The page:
Does this Ancestry.com ad 'romanticize' slavery?

Does this Ancestry.com ad 'romanticize' slavery?  I don't see it, but then, I am frequently accused of not being "woke" enough.

USA Today:

Ancestry.com has apologized for an ad critics claim romanticizes the history of slavery.

The ad, which has since been pulled from YouTube by the genealogy testing service, shows a black woman and white man meeting during what appears to be the 1800s.

"Abigail, we can escape to the North," said the man to the woman. "There is a place we can be together, across the border. Will you leave with me?"

The ad then features the tagline "without you, the story stops here."

CNN reports the ad first appeared on YouTube April 2, but didn't catch the attention of social media until Thursday.

Is it that I'm not woke enough, or is it that I'm a normal person who sees something totally different in the ad?

I found the ad touching and sentimental.  My first thought about the controversy was that white supremacists would hit the ceiling because of the portrayal of an interracial couple.

Little could I guess that there were other haters out there with a different agenda.

It could be that even most black people wouldn't think the ad "romanticized" slavery unless someone else pointed it out.  Would it have been unusual at the time for a white man to be in love with a black woman?  I suppose so, but it probably happened a lot more than history records simply because of the opposition of the public — in both North and South — to the existence of an interracial couple.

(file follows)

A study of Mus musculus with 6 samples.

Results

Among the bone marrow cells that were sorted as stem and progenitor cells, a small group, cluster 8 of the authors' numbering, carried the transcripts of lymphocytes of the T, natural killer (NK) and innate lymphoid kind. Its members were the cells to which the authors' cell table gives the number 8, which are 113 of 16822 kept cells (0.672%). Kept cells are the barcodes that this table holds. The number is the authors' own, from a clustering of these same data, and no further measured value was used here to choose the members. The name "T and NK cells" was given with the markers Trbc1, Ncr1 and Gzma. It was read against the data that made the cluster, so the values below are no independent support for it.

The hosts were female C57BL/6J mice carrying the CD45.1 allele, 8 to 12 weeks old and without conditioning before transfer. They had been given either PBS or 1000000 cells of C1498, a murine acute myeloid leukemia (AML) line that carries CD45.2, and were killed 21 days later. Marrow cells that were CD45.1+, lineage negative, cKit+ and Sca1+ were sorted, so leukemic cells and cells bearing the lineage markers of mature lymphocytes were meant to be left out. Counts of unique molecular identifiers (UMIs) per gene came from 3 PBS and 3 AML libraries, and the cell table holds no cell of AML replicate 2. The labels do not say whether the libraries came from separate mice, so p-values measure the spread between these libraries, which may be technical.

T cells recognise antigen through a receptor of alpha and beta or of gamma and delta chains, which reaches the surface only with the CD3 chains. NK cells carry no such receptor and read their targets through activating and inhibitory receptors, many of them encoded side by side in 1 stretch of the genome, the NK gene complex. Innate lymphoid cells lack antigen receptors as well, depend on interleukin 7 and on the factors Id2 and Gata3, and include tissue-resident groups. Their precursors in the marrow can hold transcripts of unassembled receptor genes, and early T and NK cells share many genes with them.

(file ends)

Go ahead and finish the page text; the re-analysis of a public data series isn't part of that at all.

Acceptable or not, love is love, and that's what came through in the ad.  But the ad became a target when those who get outraged for a living found an angle they could attack.  Ancestry, bowing to the inevitable backlash, did as it was instructed.

Rather than be "woke" like this, I think I'll go back to sleep.

Does this Ancestry.com ad 'romanticize' slavery?  I don't see it, but then, I am frequently accused of not being "woke" enough.

USA Today:

Ancestry.com has apologized for an ad critics claim romanticizes the history of slavery.

The ad, which has since been pulled from YouTube by the genealogy testing service, shows a black woman and white man meeting during what appears to be the 1800s.

"Abigail, we can escape to the North," said the man to the woman. "There is a place we can be together, across the border. Will you leave with me?"

The ad then features the tagline "without you, the story stops here."

CNN reports the ad first appeared on YouTube April 2, but didn't catch the attention of social media until Thursday.

Is it that I'm not woke enough, or is it that I'm a normal person who sees something totally different in the ad?

I found the ad touching and sentimental.  My first thought about the controversy was that white supremacists would hit the ceiling because of the portrayal of an interracial couple.

Little could I guess that there were other haters out there with a different agenda.

It could be that even most black people wouldn't think the ad "romanticized" slavery unless someone else pointed it out.  Would it have been unusual at the time for a white man to be in love with a black woman?  I suppose so, but it probably happened a lot more than history records simply because of the opposition of the public — in both North and South — to the existence of an interracial couple. 

Acceptable or not, love is love, and that's what came through in the ad.  But the ad became a target when those who get outraged for a living found an angle they could attack.  Ancestry, bowing to the inevitable backlash, did as it was instructed.

Rather than be "woke" like this, I think I'll go back to sleep.